Warner Bros. on Tuesday denied its controversial film "Joker" portrays its murderous outcast villain as a hero, after families affected by the Aurora theater mass shooting penned an open letter expressing concern.
The much-hyped new Joaquin Phoenix film, billed as a "character study" of Batman's nemesis, has been hailed as an Oscar contender but has raised concerns that its depiction of mental illness and violence could prove incendiary.
Its release next month comes seven years after a man opened fire in a movie theater in Aurora, Colorado showing a late-night premiere of a Batman film, killing 12 and wounding 70.
Five members of victims' families wrote an open letter in Hollywood trade publications Tuesday.
"When we learned that Warner Bros. was releasing a movie called 'Joker' that presents the character as a protagonist with a sympathetic origin story, it gave us pause," it said.
The film depicts the Joker as a severely depressed young man trying to build a career as a stand-up comic, but who is constantly rejected and beaten by society until taking matters into his own -- extremely violent -- hands.
In their letter, the Aurora families noted that their real-life tragedy had been "perpetrated by a socially isolated individual who felt 'wronged' by society."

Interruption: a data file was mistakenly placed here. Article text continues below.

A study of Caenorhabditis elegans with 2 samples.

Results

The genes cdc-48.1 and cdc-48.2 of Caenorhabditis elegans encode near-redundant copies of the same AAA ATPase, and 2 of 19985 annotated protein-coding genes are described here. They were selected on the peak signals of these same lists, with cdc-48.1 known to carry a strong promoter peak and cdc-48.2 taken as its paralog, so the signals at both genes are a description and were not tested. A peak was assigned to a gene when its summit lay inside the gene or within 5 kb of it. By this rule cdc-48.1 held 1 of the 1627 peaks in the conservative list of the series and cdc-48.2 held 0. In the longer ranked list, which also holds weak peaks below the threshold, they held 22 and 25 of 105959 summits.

While the open letter did not condemn the film, and expressed support for "free speech and free expression," it urged the Hollywood studio to use its platform to lobby for gun reform and support victims.
In response, Warner said "neither the fictional character Joker, nor the film, is an endorsement of real-world violence of any kind.
"It is not the intention of the film, the filmmakers or the studio to hold this character up as a hero."
Warner described gun violence as a "critical issue" and said it had donated to victims and supported gun control legislation.
"At the same time, Warner Bros. believes that one of the functions of storytelling is to provoke difficult conversations around complex issues," it added.
- 'Not good enough' -
The US gun control debate reignited last month after the massacres of 22 people at a Walmart store in El Paso, Texas, nine by a gunman in Dayton, Ohio, and a further seven in a shooting rampage in Odessa, Texas.
Most presidential candidates, including Democratic frontrunner Joe Biden, are calling for a new assault weapons ban.
Candidate Beto O'Rourke has gone further, calling for a mandatory buyback program for assault weapons.
The Aurora shooting was carried out during a packed screening of "The Dark Knight Rises," in a meticulously-planned attack during which shooter James Holmes wore body armor and used tear gas to prevent victims from escaping.
Reports at the time said Holmes told authorities he was "The Joker," Batman's sworn enemy in the comic book series.
Aurora police now say there is no evidence Holmes -- who appeared in court with brightly dyed hair similar to the character -- said that.
Holmes is serving life in prison.
Sandy Phillips, whose daughter Jessica Ghawi was among those killed, wrote on Twitter that Warner's response was "not good enough."
"Joker" is released in theaters October 4.